Indiana’s largest cave system just keeps getting bigger.
Indiana Caverns is located within the Brinkey Cave. At 42.57 miles long, it's the seventh-largest cavern in the United States, and speleologists keep finding new places to explore. By the time that exploration is complete—it began in 2009—they think it could be more than 100 miles long.
You can explore the cave, too. And you should, whether you’re a cavern novice or a seasoned spelunker. The kayak and walking tours offer a marvelous peek into an otherworldly warren, with stalagmites (floor), stalactites (ceiling), draperies, rimstone dams, helictites, and cave coral millions of years in the making. There are also bones from Ice Age animals in addition to a fascinating array of biodiversity alive in the present.
To top it off, Indiana Caverns happens to be more than an hour closer than Mammoth Cave, making it a more manageable day trip for that same sense of underground wonder.
Brinkey Cave isn’t the only cave to explore in the area. Owing to its unique geology, southern Indiana abounds in spelunkable recesses.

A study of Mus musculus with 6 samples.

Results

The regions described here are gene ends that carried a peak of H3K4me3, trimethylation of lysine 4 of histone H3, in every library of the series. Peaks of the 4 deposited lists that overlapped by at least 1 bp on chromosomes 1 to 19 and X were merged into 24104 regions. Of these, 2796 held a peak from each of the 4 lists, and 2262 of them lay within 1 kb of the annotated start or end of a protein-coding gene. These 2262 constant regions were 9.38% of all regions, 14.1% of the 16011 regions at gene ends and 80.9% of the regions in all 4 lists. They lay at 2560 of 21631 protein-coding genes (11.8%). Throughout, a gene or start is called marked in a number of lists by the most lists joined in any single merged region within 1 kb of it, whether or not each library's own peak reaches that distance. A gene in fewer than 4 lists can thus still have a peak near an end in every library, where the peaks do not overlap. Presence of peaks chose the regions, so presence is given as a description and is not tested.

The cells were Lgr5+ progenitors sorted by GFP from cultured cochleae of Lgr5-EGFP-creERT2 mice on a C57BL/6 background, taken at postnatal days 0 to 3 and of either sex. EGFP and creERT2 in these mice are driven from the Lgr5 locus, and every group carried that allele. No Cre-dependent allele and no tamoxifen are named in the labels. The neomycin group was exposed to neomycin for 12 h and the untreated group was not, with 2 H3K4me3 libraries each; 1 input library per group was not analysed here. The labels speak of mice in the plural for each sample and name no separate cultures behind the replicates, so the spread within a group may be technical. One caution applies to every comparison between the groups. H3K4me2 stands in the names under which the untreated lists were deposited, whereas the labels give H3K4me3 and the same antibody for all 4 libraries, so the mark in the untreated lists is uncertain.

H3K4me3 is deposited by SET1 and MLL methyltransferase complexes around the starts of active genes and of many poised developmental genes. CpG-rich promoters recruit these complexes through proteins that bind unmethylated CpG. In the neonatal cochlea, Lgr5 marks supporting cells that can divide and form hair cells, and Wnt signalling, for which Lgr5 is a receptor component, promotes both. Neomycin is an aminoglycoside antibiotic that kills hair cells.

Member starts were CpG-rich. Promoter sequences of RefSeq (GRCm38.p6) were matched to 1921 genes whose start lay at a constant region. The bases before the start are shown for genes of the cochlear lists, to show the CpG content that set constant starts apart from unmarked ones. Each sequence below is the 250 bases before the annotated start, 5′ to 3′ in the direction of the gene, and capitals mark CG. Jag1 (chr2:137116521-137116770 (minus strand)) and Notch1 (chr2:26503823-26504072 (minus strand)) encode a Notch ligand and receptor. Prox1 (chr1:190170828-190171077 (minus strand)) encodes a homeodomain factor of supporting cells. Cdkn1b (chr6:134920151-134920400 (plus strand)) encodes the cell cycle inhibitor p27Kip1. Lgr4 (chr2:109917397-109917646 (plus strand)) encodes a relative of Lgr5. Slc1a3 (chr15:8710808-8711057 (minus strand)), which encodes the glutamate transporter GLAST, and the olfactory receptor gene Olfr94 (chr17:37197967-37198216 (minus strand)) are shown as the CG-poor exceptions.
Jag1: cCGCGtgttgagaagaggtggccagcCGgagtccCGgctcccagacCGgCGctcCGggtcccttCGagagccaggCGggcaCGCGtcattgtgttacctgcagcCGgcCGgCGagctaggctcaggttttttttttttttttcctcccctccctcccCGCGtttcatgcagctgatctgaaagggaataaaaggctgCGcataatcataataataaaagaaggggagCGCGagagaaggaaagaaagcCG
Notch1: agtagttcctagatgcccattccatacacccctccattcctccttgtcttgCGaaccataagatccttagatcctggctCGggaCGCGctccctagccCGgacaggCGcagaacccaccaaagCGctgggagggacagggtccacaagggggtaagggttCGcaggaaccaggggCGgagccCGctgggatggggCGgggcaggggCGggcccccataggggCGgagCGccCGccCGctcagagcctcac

Squire Boone Caverns should be your next stop. Discovered in 1790 by Daniel Boone and his brother, Squire, the caverns sport the country’s largest rimstone dam. Like Brinkey Cave, it continues to grow as speleologists explore new passageways. Most recently, a new entrance to the cave was opened in 2017, exposing formations that had been hidden for millennia.
Hour-long tours guide you through them. But there’s just as much to do at the surface. Experience Squire Boone Caverns Zipline Adventures, featuring more than 10,000 feet of line. Dip candles, mine gemstones, or sample candy in the Pioneer Village. You can also see how corn was once ground into cornmeal and grits at the restored Boone Mill, originally constructed in 1809.
Marengo Cave is hailed as “the most profusely decorated cavern.” A U.S. National Landmark, Marengo Cave runs deep and beautiful, with iridescent surfaces and undulating calcite formations. The Crystal Palace Tour and Dripstone Trail tour offer unique experiences. You can enjoy them both, then relax in a nearby cabin or RV and tent camping area, complete with fire pits, electric hookups, picnic tables, bathhouse, pavilion, and playground.
Last but not least is Wyandotte Cave at O’Bannon Woods State Park. Native Americans mined flint in the cave potentially as far back as 8,000 B.C., and you can see evidence of their activities today. The Little Wyandotte Tour and Big Wyandotte Tour present alternatively “easy” and “rugged” options, so you can enjoy the cave system whether you’re with small children, grandparents, or all by yourself!
Just remember, all caves remain around 54 degrees year round, so you’d be smart to pack a pullover and wear comfortable shoes. It’s a great way to beat the summer heat.